Canadian politics · Provincial politics

Updated: Which of Canada’s legislatures tweet?

twitter logoIn recent years a great deal of attention has been paid to what Canada’s federal and provincial politicians say on twitter. But what about Canada’s legislatures themselves? Slowly but surely some of Canada’s federal and provincial legislatures have set up their own twitter accounts. However, the majority have yet to take the plunge, and there is tremendous variation among those that have in terms of the frequency of tweets, number of followers, and commitment to bilingualism.

Twitter can be an important tool for legislatures, allowing them to express information in a way that is unaffected by partisan spin. However, it also presents a number of challenges. In a recent blog-post, British academic Cristina Leston-Bandeira explored how social media (Twitter and Facebook) are being used by legislatures world wide, and the challenges that they face in doing so. While noting that the Inter-Parliamentary Union has called for its members to expand their use social media, she also stresses that the spontaneous, personality-driven character of social media makes it hard for most legislatures to utilize. In particular, legislatures are procedurally-driven and represent a wide range of opinions, not a single voice. The operation of regularly updated social media feeds also requires a sustained investment of resources. Overall, she concludes that most legislatures use social media primarily as a broadcast tool for reporting on parliamentary activity.

As can be seen in the table below (compiled on 24 March 2014), twitter coverage for Canada’s federal, provincial, and territorial legislatures is far from universal, with just under half operating an account. Most surprising is that while the Senate and Library of Parliament are both on twitter, the House of Commons has not yet followed their example. Similarly, two of Canada’s three largest provinces (Ontario and British Columbia) also lack a twitter presence.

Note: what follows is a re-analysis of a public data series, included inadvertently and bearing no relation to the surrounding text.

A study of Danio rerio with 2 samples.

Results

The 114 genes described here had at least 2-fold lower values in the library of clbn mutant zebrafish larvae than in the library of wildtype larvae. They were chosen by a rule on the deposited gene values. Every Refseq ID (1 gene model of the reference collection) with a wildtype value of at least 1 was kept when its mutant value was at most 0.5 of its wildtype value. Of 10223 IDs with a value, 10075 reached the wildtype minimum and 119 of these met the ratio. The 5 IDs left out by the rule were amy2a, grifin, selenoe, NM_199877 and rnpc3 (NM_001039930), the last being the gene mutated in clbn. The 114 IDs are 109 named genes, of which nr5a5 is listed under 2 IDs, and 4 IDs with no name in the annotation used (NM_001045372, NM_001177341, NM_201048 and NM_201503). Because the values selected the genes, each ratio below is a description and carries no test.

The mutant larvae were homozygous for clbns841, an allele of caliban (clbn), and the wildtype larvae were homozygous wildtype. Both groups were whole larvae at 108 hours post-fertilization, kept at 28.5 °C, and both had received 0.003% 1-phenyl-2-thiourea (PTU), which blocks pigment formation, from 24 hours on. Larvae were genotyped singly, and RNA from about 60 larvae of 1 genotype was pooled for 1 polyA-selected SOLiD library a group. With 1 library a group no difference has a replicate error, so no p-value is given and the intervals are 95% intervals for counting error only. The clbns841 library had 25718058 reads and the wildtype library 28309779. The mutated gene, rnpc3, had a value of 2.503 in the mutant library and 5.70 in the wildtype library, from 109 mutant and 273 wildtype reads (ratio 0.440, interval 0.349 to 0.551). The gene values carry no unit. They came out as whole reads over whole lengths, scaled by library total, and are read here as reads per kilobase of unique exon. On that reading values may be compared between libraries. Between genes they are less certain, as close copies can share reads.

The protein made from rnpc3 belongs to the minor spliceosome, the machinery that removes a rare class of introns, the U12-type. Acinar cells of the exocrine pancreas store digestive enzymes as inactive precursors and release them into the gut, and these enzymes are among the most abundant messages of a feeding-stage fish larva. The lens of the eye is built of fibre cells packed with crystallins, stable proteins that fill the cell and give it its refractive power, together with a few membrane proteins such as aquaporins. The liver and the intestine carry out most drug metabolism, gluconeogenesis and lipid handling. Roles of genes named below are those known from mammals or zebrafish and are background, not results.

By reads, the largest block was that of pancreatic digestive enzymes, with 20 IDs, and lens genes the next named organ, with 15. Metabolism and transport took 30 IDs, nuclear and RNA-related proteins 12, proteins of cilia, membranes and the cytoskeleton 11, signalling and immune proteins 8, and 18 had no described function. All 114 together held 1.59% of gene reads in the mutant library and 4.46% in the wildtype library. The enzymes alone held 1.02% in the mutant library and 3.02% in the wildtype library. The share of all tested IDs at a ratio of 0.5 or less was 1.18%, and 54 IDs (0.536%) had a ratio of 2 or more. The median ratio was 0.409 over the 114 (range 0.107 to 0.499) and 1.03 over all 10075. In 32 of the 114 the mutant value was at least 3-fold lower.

While I do not currently have the time or resources to subject these twitter accounts to the kind of content analysis undertaken by Dr. Leston-Bandeira, a brief non-systematic review of each account would appear to support her finding that they are primarily used for reporting on parliamentary activities. However, the table shows some sharp differences in the number of tweets and followers for each legislature – differences that cannot always be explained by the length of time the account has been active or the population of the province.


IMG_5697What do you see as the essential readings in Canadian legislative studies?

Every summer the University of Toronto’s Department of Political Science runs the Teaching Opportunity Program (TOP), which gives senior doctoral students like me a chance to design and teach their own course. I’m very happy to report that my proposal for a course on “Canadian Legislatures and Legislators” has been accepted as a fourth year seminar (officially known as POL490H1S) that will be offered in July and August.

I would be very interested in any recommendations you might have of readings to include in syllabus. While I put together a fairly complete draft as part of the course proposal, there’s always room for improvement, especially since new material is coming out all the time. I’m also hoping to expand the supplemental readings to offer more diversity and to include both federal and provincial/territorial perspectives. Suggestions for general legislative theory are also welcome!

You can find the draft syllabus here, and please either comment on this post or drop me an email at paul.thomas@utoronto.ca with your ideas. Thanks very much for your help!